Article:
19th November 2021

World Toilet Day: Bringing clean and safe toilets to Nepal

Today is World Toilet Day, and a great opportunity to think about something we often take for granted: our loo!

There are 3.6 billion people in the world living without access to safely managed sanitation. When some people in a community do not have clean and safe toilets, it threatens everyone’s health and safety. Poor sanitation can contaminate rivers, beaches, crops, and sources for drinking water, spreading deadly disease.

We are helping to put a stop to this in Nepal, ensuring that the homes of Gurkha veterans, their families, and their communities all have clean and safe toilets.

Part of our programme includes installing gender-separate toilets in the schools we repair and refurbish. Historically, this has not only protected children’s health, but also improved students’ school attendance.

We aim for clean and safe toilets to be accessible to all children in Nepal. In one of our previous school projects, we built a disabled-friendly toilet for 14-year-old Indra, so she can access the block with her wheelchair.

Bringing safe toilets to a primary school

This year, the GWT will complete a water project in Thirbang, a remote village in Nepal’s hilly Baglung District. We are working toward providing sanitation education, toilets, and clean water to 167 people in the area, including Shree Bidhya Sagar Primary School.

Buddhisagar Buda, the primary school’s Headteacher, spoke of the struggles that the school faces in dealing with limited access to clean water and sanitation. “We don’t have an existing water supply system in our village, so we are in desperate in need of a well-managed system and potable water,” she said.

“Before the implementation of this project…there was only one toilet block with one urinal for all students and teachers. We know that proper sanitation is very important for our students to prevent waterborne diseases.  Water supply is the main problem while accessing the toilets in our school.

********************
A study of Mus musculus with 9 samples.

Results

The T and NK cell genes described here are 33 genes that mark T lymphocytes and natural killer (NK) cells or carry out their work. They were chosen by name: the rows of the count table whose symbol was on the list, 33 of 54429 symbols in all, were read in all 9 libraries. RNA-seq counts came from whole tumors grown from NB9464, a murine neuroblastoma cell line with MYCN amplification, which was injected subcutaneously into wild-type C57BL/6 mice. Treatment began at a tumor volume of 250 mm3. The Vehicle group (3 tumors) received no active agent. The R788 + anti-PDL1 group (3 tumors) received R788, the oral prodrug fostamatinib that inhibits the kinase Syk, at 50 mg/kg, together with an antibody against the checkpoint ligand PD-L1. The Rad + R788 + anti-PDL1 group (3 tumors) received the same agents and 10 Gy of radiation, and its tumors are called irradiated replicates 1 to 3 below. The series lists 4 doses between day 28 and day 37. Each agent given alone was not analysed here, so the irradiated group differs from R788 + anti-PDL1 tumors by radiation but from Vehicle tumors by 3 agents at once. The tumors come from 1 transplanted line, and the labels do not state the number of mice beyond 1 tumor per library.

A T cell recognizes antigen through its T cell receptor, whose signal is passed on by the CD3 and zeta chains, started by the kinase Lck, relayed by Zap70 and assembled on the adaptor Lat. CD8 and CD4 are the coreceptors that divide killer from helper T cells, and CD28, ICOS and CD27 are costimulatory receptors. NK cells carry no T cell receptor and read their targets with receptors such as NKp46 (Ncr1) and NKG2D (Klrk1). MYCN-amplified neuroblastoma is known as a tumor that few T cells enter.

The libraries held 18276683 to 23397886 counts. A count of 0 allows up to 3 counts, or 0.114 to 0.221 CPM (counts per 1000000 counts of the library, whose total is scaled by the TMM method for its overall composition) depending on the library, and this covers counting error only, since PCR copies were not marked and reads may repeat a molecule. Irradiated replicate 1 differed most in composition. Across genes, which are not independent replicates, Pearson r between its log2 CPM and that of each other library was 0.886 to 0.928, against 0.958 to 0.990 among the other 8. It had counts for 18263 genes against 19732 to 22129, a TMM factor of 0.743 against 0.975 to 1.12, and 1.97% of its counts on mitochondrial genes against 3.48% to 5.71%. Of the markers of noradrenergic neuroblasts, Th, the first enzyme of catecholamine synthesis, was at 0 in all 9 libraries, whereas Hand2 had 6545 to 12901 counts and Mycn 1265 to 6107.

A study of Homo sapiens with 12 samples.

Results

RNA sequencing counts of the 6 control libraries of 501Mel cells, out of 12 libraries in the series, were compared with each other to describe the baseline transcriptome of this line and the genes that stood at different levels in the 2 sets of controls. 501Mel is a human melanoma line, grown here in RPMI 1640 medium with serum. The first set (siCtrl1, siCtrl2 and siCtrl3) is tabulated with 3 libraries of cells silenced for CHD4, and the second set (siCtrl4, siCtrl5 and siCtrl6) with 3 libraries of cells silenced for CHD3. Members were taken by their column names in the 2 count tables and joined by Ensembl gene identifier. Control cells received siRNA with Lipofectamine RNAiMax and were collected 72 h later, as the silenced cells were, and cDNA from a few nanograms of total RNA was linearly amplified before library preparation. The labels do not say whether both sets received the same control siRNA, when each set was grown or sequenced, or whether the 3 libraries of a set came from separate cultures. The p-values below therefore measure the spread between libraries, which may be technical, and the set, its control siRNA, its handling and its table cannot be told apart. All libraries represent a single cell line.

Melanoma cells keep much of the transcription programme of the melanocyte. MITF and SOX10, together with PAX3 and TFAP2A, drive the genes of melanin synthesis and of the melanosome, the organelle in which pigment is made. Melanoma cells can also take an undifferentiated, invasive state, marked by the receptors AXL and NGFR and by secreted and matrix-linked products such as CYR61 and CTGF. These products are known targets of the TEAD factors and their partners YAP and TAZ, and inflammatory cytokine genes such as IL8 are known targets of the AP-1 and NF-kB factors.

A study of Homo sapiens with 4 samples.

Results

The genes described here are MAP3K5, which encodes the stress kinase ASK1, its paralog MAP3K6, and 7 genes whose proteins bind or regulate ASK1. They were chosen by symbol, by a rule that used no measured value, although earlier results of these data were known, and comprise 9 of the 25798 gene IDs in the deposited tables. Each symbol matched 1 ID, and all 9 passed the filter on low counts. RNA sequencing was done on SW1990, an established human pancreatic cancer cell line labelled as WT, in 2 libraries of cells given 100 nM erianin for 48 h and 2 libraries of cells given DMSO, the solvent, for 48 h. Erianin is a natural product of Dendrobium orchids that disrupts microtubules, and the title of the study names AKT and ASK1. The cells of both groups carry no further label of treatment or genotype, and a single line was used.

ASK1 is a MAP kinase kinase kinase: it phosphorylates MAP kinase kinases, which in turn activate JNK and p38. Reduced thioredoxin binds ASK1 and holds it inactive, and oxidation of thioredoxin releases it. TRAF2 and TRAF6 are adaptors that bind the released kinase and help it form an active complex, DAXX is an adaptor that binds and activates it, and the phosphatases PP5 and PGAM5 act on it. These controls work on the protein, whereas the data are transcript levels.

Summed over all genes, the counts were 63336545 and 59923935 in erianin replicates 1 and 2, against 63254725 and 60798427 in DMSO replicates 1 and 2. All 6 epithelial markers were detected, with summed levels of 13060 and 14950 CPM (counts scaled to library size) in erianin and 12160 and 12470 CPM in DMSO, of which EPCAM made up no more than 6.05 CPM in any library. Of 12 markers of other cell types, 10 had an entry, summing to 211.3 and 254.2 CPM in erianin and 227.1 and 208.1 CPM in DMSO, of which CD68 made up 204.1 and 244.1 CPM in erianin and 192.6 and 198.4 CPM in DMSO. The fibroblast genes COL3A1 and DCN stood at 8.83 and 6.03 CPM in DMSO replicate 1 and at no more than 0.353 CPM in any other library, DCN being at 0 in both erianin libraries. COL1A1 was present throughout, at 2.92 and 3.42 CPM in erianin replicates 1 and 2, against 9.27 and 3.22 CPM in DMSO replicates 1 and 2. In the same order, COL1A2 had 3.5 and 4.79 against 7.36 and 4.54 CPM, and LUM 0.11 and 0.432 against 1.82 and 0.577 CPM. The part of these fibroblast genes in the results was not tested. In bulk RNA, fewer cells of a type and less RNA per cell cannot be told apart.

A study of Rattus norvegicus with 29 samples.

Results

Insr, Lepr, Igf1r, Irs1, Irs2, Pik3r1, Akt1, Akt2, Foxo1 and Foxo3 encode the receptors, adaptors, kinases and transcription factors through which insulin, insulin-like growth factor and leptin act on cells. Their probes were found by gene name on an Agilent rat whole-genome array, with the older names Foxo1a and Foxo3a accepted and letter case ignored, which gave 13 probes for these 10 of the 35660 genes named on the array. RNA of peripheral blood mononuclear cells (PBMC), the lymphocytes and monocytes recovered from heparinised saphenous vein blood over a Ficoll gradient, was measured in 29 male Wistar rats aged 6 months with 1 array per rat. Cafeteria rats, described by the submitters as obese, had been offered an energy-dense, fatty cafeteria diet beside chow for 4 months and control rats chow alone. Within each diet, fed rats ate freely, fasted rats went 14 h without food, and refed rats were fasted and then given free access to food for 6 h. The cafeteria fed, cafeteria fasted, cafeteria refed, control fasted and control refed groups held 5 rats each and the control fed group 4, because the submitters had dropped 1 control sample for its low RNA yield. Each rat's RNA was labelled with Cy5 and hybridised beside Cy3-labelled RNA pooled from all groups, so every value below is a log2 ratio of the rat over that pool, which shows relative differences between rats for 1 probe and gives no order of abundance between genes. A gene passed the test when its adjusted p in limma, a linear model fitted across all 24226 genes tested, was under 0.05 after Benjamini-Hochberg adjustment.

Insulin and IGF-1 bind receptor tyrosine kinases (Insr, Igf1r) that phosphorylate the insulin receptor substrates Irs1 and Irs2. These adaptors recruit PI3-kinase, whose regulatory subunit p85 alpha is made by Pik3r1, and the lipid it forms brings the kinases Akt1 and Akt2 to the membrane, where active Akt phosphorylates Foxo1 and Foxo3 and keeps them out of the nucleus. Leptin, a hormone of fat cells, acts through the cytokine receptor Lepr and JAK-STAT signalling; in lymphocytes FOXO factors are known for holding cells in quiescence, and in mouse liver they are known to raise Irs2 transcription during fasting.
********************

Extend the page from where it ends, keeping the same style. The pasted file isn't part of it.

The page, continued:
“A lack of proper water supply and sanitation impacts student hygiene and the overall sanitation of the school. If our school does not have the water supply and proper latrines, then it can negatively impact attendance.

“We also do not have any disabled toilets in our schools. So, it is very hard for those students to access the toilet.”

In collaboration with UK Aid, our team is working hard to bring a clean water supply to Thirbang, install water tap stands in front of villagers’ homes, and construct a new set of toilets and handwashing stations at the local primary school.

Buddhisagar is looking forward to the impact of improved sanitation on students’ wellbeing. “I am delighted that our new school will have a resilient latrine infrastructure with proper water supply,” she said. “It is very important for our children’s personal development and growth. We value having a water supply and toilet in our school. Children used to fetch the water previously. But now they can focus on their education.

“Thank you to The Gurkha Welfare Trust and UK Aid for providing water in our rural village. Thank you again for the toilets and handwashing stations – as children are the future of our country, we want to provide quality education and sustainable sanitation and hygiene.”